Traditional morality holds that being honest is the proper way to act. More recently, however, our citizens are growing increasingly comfortable with the notion that lying is fine as long as you achieve your goals. Such "practical" people laugh at the "chumps" who believe they must tell the truth regardless of any negative consequences.
The guideline of "honesty is always the best policy" is prominent because of the Ten Commandments. "Thou shall not lie" is essentially a "rule" handed down by a "higher authority." As humans, we are supposed to accept this rule and follow it without question.
The guideline of "lying when necessary" is best seen as an example of the "rule" that "there are no rules." Essentially, this boils down to the idea that "the ends justify the means." If what we want is important enough, then we should do whatever is required to reach that end.
Neither of these are satisfactory in telling us how to approach ambiguous situations where it is unclear whether we should tell the truth. The first rule may tell us to be honest but the facts we face may suggest that to do so would hurt us. Since most people want to be moral, many of them will opt to tell the truth and suffer because of it.
The second rule offers a different set of problems. An ends-justifies-the-means rule violates an important property of good morality. A valid morality is supposed to help us decide what to do...yet this guideline says that there are no guidelines; that "anything goes." Someone attempting to appeal to this guideline will frequently be left floundering or will seize impulsively on the first possibility for action which presents itself. Only if one "succeeds" will one know if that action was, in fact, the right one to follow. In addition, since frequent lying clashes with our common sense beliefs about morality, a casual attitude to lying and cheating will leave many people uneasy. Yet they may continue to be dishonest because that is what they feel they "should do."
The way to deal with this puzzle is first to realize that there is a difference between a moral rule and a moral principle. The first requires blind acceptance and demands we apply the rule in a rigid fashion in any and all possible circumstances. The second provides us a general guideline which must be put into practice according to the specific context confronting us.
Questions concerning honesty are ethical/moral in nature. Somebody might ask whether we even need ethics. Yet ethics is essential to human life and prosperity. Since we are beings who have free will, we often face alternatives among which we must select.
If we want to be successful and happy as people, we must make our choices in ways that will best help us to flourish. We need to obtain values which will aid us in that quest. Those values may be material (for example, food, shelter, or clothing) or intangible (for example, love, prestige, self-esteem) but are determined by what it means to be a human being.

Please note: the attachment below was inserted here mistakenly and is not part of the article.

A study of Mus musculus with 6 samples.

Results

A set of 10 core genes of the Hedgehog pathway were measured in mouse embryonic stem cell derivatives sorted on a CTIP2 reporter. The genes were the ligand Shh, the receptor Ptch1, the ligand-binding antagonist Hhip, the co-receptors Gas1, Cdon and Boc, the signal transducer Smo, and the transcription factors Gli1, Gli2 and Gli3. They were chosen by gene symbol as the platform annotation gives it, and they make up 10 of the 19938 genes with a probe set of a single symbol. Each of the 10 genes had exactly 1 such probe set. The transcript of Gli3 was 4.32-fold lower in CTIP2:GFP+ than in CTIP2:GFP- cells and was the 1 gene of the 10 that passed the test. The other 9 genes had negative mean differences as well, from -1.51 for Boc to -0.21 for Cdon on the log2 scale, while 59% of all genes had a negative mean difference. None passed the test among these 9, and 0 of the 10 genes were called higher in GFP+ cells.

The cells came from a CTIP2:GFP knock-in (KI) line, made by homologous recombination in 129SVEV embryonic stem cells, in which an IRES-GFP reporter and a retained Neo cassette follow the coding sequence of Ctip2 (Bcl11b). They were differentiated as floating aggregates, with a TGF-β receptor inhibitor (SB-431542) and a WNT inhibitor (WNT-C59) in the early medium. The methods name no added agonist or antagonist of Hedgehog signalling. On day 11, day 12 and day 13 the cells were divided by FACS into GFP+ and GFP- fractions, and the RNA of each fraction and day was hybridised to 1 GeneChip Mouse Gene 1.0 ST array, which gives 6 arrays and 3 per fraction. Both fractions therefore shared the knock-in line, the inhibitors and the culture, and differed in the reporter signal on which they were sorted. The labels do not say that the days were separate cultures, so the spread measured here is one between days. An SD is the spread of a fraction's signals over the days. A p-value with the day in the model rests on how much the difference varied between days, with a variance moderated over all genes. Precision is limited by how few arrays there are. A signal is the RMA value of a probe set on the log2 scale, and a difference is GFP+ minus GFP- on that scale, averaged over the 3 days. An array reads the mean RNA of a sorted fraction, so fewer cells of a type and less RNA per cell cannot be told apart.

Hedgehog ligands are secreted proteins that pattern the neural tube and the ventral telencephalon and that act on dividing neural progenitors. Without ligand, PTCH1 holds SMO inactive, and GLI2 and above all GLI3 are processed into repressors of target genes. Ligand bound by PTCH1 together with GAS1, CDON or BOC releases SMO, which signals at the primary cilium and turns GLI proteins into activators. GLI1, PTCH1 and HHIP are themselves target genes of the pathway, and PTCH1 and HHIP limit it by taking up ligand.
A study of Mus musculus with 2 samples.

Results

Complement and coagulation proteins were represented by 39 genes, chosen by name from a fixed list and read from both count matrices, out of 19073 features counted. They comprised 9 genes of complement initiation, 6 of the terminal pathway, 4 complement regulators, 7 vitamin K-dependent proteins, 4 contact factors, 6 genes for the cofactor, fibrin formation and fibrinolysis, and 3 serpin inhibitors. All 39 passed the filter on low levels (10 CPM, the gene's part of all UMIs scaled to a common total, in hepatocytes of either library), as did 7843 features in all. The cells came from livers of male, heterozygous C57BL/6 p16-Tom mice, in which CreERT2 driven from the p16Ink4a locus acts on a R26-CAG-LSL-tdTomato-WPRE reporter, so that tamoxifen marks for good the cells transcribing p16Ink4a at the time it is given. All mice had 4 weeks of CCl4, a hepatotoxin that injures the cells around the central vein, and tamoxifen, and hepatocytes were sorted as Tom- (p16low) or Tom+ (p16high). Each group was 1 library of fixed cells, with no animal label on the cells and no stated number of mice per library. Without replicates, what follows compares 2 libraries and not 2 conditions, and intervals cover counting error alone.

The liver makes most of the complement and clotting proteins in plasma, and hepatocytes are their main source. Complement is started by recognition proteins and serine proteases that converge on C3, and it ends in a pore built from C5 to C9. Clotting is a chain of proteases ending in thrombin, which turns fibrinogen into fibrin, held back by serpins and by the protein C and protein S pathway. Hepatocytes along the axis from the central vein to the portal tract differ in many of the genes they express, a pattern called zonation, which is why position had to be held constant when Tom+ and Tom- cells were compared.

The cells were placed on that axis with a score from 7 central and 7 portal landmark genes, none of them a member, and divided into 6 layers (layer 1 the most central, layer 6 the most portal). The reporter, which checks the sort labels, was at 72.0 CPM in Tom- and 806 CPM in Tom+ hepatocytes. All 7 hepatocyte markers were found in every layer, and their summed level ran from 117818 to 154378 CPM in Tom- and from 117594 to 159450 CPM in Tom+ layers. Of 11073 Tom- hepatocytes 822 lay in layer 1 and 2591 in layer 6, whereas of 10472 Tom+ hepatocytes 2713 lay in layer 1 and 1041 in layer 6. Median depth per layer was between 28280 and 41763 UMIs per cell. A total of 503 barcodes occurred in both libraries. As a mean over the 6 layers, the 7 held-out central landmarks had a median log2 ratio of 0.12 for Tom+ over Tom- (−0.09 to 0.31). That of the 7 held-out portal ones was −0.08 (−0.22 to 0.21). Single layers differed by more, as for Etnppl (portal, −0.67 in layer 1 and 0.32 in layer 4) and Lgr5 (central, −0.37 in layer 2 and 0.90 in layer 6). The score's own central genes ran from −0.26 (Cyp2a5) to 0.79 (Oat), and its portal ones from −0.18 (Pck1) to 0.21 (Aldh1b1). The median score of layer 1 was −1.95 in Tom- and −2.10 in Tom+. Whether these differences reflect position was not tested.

Unlike, say, sunflowers or bugs, much of what we do is not automatic. We must think about ourselves and our place in the world and choose accordingly. But this also means we can make incorrect choices, ones which make it less likely we will succeed as human beings. This is where ethics comes into play. A proper ethics helps us to choose actions in harmony with our basic human nature and to avoid self-destructive ones.
Because all people face this same requirement, we all must be able to act in ways that allow us to obtain and use those values we want and require without coming into conflict with or infringing on the same right of others to do the same.
When it comes to honesty then, the proper principle can be stated like this: "You must always be honest when trying to obtain values from other people, but you can and should lie when someone is trying to take values from you against your wishes or when you are trying to retrieve stolen values."
For example, it would be wrong to lie: to a date in order to obtain her admiration or love; to a prospective employer to obtain a job; to a customer to get him to buy a product from you.
On the other hand, it would be right to lie: to a thief demanding to know the location of your safe; to a Nazi asking if you are harboring any Jews; to a con man to regain money he swindled you out of.
Unlike the two rules discussed earlier, this contextually absolute principle looks at the world as it is, at human nature and its requirements, and provides the proper guidance in making decisions in diverse situations.